Indulekha (in Malayalam, 1889) by O Chandu Menon, translated by Anitha Devasia (2005) http://www.hindustantimes.com/Images/popup/2014/6/Indulekha-Oip--1640458-1-73819.jpgO Chandu Menon, a voracious reader of English novels, would often tell these stories to his friends in Malayalam. It was while attempting to translate Benjamin Disraeli's Henrietta Temple (1837), that he decided to write a novel. Indulekha is considered the first classic novel in Malayalam
Sacred Games is an epic of exceptional richness and power. Vikram Chandra’s novel draws the reader deep into the life of detective Sartaj Singh - and into the criminal underworld of Ganesh Gaitonde, the most wanted gangster in India.
Anandamath (in Bengali, 1882) by Bankim Chandra Chatterji, translated by Basanta Kumar Roy (1992) Roughly based on the Sannyasi Rebellion of 1771, this was banned by the British. Vande Mataram was originally written as part of the book. The story is about a couple who meet a group of sanyasis, revolting against the British, and join them. Incidentally, Chatterji's Rajmohan's Wife (1864) is considered the first Indian novel in English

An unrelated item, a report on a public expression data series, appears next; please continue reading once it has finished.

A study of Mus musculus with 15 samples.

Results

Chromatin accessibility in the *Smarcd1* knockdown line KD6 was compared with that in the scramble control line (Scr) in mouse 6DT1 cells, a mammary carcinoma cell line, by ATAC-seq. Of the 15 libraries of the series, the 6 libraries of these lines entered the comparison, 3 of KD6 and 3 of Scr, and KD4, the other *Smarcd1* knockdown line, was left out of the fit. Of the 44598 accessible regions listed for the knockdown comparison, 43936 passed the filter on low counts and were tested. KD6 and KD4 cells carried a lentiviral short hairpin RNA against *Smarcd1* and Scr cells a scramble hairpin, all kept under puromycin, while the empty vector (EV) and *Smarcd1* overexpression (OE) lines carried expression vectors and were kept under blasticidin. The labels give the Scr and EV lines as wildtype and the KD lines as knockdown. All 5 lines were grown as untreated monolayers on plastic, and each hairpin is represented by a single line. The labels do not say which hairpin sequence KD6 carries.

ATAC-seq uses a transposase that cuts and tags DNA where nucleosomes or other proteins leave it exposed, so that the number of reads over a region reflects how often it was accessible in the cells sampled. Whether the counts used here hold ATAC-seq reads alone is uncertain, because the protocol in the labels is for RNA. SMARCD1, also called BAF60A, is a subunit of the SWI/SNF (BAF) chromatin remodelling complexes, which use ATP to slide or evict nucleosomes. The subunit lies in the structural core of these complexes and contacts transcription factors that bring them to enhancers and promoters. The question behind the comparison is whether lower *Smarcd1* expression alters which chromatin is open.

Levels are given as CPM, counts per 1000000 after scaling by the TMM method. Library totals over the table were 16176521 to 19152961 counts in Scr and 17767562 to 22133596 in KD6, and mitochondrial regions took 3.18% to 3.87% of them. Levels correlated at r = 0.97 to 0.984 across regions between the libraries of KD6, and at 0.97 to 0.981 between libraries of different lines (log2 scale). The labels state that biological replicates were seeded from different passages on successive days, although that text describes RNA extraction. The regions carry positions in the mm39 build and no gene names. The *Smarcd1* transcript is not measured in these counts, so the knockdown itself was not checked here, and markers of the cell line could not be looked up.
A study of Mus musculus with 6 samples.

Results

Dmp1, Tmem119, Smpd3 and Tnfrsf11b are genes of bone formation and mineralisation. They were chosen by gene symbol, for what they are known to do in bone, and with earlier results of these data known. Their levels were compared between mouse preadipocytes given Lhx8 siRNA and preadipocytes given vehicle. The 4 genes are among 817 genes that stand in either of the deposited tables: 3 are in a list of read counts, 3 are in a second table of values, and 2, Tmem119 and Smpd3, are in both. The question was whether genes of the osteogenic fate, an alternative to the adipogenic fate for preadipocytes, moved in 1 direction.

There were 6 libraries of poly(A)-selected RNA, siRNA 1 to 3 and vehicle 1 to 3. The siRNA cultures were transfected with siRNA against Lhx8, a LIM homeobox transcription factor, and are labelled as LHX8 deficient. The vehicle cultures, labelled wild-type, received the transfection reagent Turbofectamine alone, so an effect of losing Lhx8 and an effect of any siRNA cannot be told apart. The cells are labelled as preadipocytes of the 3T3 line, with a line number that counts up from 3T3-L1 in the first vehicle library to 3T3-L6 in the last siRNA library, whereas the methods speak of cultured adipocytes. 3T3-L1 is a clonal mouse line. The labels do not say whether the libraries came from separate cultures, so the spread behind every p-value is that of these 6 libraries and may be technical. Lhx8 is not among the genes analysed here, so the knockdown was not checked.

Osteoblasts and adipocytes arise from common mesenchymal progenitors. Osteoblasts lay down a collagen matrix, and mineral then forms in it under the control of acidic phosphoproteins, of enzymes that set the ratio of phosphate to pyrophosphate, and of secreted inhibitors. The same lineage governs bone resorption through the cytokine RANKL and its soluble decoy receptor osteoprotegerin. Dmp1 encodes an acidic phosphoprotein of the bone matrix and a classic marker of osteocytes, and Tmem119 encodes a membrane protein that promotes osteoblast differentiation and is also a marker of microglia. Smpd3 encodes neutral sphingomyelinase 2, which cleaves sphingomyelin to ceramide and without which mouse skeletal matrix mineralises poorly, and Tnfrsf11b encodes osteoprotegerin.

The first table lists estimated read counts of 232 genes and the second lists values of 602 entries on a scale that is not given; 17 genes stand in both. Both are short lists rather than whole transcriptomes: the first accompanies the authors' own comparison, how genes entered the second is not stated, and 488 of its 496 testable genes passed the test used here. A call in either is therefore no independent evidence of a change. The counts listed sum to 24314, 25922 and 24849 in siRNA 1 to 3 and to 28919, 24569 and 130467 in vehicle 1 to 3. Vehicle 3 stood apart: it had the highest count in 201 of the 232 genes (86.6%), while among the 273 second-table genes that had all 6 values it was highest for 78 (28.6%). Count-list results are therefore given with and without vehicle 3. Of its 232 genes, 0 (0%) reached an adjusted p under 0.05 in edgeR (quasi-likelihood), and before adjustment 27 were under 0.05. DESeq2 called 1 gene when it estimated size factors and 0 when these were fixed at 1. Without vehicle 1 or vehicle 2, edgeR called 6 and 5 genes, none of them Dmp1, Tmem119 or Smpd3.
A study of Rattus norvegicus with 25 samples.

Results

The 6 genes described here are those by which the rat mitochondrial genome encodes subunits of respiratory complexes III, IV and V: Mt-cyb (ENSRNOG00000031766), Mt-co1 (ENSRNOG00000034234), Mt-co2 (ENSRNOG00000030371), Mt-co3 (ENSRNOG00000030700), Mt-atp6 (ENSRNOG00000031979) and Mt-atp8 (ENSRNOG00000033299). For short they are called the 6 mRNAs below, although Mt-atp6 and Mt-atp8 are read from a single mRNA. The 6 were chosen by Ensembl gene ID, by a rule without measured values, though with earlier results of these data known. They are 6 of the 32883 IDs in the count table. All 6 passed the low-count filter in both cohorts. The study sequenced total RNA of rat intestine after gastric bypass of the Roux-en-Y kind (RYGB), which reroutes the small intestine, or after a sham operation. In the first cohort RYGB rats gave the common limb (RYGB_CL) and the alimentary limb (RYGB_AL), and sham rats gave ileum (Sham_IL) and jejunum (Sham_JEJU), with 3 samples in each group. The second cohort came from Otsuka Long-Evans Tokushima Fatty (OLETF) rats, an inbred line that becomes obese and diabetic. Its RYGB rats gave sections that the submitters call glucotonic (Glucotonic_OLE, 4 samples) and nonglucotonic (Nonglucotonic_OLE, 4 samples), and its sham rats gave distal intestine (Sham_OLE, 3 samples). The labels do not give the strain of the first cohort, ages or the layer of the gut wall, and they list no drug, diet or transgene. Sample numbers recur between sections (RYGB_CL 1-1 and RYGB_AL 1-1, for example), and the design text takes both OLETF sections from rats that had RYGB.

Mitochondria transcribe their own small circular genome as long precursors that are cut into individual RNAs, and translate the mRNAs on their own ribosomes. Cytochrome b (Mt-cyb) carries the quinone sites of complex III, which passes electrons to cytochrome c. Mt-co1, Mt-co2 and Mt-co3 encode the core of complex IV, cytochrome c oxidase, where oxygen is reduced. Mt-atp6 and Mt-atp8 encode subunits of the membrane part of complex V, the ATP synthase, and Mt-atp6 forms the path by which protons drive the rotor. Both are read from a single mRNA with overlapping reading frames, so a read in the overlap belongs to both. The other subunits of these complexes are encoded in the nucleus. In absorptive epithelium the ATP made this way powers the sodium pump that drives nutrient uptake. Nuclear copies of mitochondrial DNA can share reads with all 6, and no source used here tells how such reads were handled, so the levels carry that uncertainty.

Samskara (in Kannada, 1965) by UR Ananthamurthy, translated by AK Ramanujan (1976) Ananthamurthy is one of the most important voices in the Navya (new) movement in Kannada. Last year, the writer was shortlisted for the Man Booker International Prize for overall contribution to fiction. Samskara is the story of Naranappa, who lives in a community of Brahmins but rejects their way of life: he eats meat, lives with a prostitute.